How many photos have you taken with your cell phone to date? Personally, I have had to change not one but two smartphones not so long ago because they had run out of storage space and I was unwilling to store my data on cloud, in the illusion that this precaution would safeguard my privacy. But how much has this choice cost me? I have lost countless photos that were important to me and my house is filling up with hard disks.
So what’s my point? We are producing too much data. All the photos, files and various types of documents that we decide to file, occupy material space in this world: a space made of computers and interconnected cables that are powered by electricity. So we are consuming energy, quite a substantial amount. Clouds and the Internet in general are not imaginary concepts floating around in the air, as we may tend to believe; they actually exist in our reality, as physical objects. The Internet consumes energy, just like our domestic appliances, car or anything else that might spring to mind. According to Greenpeace, the Internet uses 7% of the world’s energy, and a good part of the energy consumed by repeaters, data centers and other structures that support the Internet, derive from fossil fuels. According to these studies the heftiest consumption of energy on the Internet is due, first and foremost, to streaming videos, an activity that currently accounts for approx. 60% of the electrical energy consumed. This percentage is expected to rise to 80% by 2020.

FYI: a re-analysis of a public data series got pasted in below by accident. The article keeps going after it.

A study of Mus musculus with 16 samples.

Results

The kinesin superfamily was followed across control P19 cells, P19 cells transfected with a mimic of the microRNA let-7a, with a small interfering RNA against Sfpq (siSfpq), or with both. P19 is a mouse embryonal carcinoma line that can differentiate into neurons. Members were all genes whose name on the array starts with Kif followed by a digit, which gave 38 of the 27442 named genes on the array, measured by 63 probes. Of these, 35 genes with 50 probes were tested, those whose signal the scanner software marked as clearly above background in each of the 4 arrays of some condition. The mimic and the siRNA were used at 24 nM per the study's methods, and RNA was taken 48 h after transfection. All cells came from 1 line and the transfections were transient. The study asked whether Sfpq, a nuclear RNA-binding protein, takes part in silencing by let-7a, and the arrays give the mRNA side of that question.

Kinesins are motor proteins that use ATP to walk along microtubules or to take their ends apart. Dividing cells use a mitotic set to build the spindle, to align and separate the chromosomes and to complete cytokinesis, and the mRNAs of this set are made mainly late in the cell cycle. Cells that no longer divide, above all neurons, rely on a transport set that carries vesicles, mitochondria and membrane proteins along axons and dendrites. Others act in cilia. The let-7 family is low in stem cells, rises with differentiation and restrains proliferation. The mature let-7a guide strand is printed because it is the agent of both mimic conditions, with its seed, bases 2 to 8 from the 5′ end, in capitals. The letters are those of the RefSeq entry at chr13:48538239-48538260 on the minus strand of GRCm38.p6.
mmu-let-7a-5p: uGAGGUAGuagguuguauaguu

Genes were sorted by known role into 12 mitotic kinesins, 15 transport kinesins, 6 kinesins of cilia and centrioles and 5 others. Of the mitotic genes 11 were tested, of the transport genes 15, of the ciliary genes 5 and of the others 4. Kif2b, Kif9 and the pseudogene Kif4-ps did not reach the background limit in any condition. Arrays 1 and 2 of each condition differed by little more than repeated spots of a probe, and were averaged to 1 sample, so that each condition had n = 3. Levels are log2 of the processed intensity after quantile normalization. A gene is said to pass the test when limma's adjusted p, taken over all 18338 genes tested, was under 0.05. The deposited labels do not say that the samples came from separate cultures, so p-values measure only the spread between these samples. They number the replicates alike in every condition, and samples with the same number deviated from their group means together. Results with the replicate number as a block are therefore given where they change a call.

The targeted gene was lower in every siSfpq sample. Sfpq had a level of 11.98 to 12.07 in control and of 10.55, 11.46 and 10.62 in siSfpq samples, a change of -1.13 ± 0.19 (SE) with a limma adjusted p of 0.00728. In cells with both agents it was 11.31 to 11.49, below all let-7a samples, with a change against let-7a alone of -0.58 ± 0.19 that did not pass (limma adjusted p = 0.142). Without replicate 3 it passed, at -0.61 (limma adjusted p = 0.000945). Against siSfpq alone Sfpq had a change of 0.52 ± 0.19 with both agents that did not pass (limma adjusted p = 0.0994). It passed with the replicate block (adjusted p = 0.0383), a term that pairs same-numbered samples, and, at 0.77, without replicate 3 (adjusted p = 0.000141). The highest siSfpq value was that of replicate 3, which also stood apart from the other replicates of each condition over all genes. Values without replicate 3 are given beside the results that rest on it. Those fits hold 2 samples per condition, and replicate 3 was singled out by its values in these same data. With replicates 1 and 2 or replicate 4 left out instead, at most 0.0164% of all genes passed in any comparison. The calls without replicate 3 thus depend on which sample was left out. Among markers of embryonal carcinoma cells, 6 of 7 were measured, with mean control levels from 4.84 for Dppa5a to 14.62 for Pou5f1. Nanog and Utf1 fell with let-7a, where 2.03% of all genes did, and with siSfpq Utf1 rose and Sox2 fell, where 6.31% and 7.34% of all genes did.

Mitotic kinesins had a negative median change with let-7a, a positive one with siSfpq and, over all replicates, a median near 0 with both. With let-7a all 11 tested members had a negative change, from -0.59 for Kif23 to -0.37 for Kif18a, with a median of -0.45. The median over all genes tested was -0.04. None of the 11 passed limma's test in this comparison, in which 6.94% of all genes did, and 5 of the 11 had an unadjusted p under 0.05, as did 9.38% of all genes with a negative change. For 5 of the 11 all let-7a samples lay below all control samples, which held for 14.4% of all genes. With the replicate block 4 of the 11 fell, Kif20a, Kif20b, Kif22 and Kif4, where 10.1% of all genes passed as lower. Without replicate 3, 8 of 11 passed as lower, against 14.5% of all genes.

A fact that provides even more food for thought after the publication of a report by the no profit organization Shift Project, according to which digital technologies are responsible for 4% of greenhouse gas emissions, and the Internet in general accounts for 7% of total energy consumption, while its use of electrical energy is increasing at a rate of 8% per year. Perhaps the last figure is the most worrying.
The Internet, therefore, contributes actively to the production of Co2 and in the course of the years to come, with the increase of videos, films and all the various contents produced online, there will be higher data-traffic, requiring higher energy expenditure, with all the consequences that this cause-and-effect mechanism generates on the climate and the environment.